The modding scene has been theming for years, so it makes sense that Cyanogen OS would be one of the most verbose offerings out there.
Theming and third-party versions of Android have gone hand in hand for quite a while now. Originally themes had to be applied on a system level, making it so you were effectively flashing entire roms to tint the whole OS in a shade of blue or purple. We've come a long way from that point, and now modifying the way certain elements look and behave are being baked right into the operating system. There are some out there who questioned whether a theme experience is something the "average consumer" is interested in, but by the end of this year theme engines will likely play a huge part in how many folks use their devices.
The Cyanogen OS theme engine is unlike anything else available on retail products today, but it's up to the user to decide if these differences and the availability of community-made themes actually make this a better product.
The Cyanogen OS theme engine benefits from years of experience modifying Android to look and feel a little different. Android forums the world over used to be positively clogged with subtle differences labeled as unique roms for the flashing, and while that experience can be a lot of fun it's generally kind of tedious. A proper theme engine means those superficial changes can be made without flashing the device, without power cycling the device, and generally without interrupting your regular workflow.
Users have quite a bit of control here. You can flash entire theme packages, which includes everything from notification tray and navigation icons with matching wallpapers to the shape, color, and animations behind toggle switches. App icons, menu colors, fonts, and even the kinds of icons used for system tray things like battery life are included as well. Not every theme pack changes every element, but through these packages you have a considerable amount of control over the look and feel to your operating system.
It's not a requirement to install entire theme packs, giving you some additional flexibility if you want to mix and match things from different sets. You can have the stock Nexus look with a unique font type, or you can set up your device so everything has a dark theme, all while choosing the icon pack that best suits your needs. These changes can be made individually from within the theme engine app, and it happens fast enough that you could make these changes between meetings if you so desired.
Cyanogen OS takes things a little further than system-level iconography and color changes. The App Themer icon in the app allows users to take a paintbrush into their favorite apps and make changes to elements in those apps as well. Theme elements from your installed packs can be carried over to many apps, but the effects vary depending on how the app was made. Included apps like the Cyanogen Gallery app can be heavily modified, but you'll find Netflix is a lot less flexible. It's something users need to poke around at and see for themselves, which means the experience can either been rewarding or frustrating depending on the apps you're trying to theme.
Cyanogen OS Themes feel like the most complete solution out there right now
Applying these themes is simple enough, even if you're going from app to app to apply things. The floating paintbrush from the app floats almost like a Facebook Chathead, so you can drag it around wherever you need. Tapping on the icon gives you a list of installed themes, and you can cycle between them to decide which effect suits you best. For the most part, simple color and font changes happen quickly, and the paintbrush can be dismissed as soon as the changes happen by dragging the icon to the X that appears at the bottom of the screen.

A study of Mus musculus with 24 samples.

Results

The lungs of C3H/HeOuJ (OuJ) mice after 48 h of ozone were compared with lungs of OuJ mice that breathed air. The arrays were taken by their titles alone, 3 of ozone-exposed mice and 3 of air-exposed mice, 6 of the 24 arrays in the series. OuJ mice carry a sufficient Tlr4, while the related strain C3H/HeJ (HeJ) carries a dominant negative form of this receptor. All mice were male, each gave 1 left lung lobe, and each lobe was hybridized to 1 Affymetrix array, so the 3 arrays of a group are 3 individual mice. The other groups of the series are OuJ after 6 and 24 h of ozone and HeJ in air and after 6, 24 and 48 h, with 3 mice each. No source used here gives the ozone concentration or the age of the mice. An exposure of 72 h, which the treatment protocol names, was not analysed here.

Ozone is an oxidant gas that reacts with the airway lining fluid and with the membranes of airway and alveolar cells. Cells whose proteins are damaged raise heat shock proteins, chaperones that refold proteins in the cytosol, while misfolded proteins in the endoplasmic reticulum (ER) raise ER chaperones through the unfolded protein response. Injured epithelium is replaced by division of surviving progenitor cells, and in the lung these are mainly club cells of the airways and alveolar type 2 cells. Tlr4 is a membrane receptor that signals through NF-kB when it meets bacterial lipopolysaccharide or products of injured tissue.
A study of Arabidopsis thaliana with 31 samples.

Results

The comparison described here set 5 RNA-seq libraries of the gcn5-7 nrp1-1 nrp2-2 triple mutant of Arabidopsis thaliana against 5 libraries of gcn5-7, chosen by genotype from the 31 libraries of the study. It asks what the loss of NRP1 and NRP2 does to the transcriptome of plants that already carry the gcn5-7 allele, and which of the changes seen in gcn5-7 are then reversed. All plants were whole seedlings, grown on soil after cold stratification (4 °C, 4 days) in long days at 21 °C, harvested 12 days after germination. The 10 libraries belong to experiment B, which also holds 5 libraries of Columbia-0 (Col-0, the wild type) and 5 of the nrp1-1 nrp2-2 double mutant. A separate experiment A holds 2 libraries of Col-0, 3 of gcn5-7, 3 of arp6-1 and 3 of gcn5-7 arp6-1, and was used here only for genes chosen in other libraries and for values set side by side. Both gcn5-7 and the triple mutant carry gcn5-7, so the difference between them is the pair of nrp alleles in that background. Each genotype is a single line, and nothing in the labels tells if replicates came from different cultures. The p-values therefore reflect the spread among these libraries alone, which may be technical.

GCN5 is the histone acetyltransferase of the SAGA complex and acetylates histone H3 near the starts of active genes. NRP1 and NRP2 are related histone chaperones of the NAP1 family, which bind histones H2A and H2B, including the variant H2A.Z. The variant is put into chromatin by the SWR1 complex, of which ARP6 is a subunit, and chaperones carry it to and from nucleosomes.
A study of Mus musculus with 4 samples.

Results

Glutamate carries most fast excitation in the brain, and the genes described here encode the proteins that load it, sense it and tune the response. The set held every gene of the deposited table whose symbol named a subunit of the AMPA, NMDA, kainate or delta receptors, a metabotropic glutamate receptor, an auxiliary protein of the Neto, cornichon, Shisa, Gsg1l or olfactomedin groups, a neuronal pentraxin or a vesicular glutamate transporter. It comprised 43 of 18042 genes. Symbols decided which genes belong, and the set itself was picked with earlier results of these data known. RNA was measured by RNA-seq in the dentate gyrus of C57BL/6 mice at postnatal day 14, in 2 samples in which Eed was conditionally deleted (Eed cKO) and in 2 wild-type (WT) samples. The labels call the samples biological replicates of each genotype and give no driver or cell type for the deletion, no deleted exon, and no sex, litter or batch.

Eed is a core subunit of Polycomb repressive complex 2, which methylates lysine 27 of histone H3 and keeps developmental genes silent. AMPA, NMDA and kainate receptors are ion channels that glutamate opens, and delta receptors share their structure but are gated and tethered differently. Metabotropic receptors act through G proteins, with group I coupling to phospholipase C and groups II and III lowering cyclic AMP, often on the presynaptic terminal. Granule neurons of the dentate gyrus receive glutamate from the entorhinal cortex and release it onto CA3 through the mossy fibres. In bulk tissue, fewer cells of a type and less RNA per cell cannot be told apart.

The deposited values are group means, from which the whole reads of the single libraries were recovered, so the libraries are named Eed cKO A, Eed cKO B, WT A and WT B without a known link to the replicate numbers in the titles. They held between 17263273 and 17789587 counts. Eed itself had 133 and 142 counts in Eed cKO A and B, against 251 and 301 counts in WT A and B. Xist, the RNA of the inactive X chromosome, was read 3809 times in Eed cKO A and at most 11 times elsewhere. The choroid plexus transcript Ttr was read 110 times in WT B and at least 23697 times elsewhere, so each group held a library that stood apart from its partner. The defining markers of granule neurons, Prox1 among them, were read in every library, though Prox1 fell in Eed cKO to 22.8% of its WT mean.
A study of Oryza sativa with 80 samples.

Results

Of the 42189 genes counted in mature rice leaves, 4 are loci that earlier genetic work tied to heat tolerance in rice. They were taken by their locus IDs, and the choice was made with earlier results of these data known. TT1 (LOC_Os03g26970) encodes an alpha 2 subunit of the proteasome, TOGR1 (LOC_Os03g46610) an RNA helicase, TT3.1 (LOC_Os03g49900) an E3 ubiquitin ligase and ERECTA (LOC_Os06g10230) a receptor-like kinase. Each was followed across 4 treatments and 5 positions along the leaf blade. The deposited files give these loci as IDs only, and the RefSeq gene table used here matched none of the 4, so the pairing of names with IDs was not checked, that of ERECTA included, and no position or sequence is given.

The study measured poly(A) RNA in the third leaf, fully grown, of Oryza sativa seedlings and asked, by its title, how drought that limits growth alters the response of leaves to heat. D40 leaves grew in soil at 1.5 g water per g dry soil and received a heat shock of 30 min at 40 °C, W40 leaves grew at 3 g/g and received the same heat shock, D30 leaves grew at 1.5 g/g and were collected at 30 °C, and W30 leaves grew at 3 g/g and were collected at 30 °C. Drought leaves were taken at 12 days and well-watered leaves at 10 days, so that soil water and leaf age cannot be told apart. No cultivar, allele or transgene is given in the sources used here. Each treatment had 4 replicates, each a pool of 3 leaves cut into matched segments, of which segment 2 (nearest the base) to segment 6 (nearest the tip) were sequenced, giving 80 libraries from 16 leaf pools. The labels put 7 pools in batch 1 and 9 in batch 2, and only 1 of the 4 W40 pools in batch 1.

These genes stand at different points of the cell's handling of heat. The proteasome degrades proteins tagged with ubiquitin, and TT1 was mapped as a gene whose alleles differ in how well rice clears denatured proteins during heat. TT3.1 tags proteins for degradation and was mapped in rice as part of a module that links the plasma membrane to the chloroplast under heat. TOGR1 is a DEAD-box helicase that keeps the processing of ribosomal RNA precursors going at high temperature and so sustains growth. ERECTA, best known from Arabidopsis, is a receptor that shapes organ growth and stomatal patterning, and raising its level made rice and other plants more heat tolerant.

You'll find one critical area Cyanogen OS handled things particular well in this whole theme engine is the simplicity with which you can purchase themes. The app on your phone offers you a list of theme packs and some screenshots for how each element will look on your device, but the actual purchasing happens in the Google Play Store. This way creators can build for Cyanogen OS, and the Play Store handles the rest. Completing a transaction downloads the theme to your phone, and the apply icon appears in the app so you can push the theme immediately after purchase.
There are plenty of great free themes to choose from
There are also plenty of great free themes to choose from. In fact, there are several free themes that are quite a bit more complete and stylish than some of the paid themes. Like anything else, users need to research before buying and choose what works best for them, but because the Play Store is involved you have the 15 minute return window to take advantage of if something doesn't exactly function as advertised after a purchase is made. Ultimately, the Cyanogen OS theme engine does a reasonable job taking care of the user and developers can make some money off of their creations, so the system is a win for everyone.
There's not a lot to be gained right now in comparing the theme engines that are available by all of the different manufacturers, since for the moment they only work with the operating systems they are included with, but if there was a theme engine to look at for ideas on how to improve the Cyanogen OS system would be a good place for others to start. Where Samsung offers complete themes with no flexibility and HTC offers flexibility so long as you like Sense UI, Cyanogen OS feels like the most complete solution out there right now. It's unlikely that having the best theme engine will be the tie-breaking feature that allows a users to choose one phone over another anytime soon, but it's one of many things that will keep users interested in sticking with a platform, which is potentially a great deal more significant.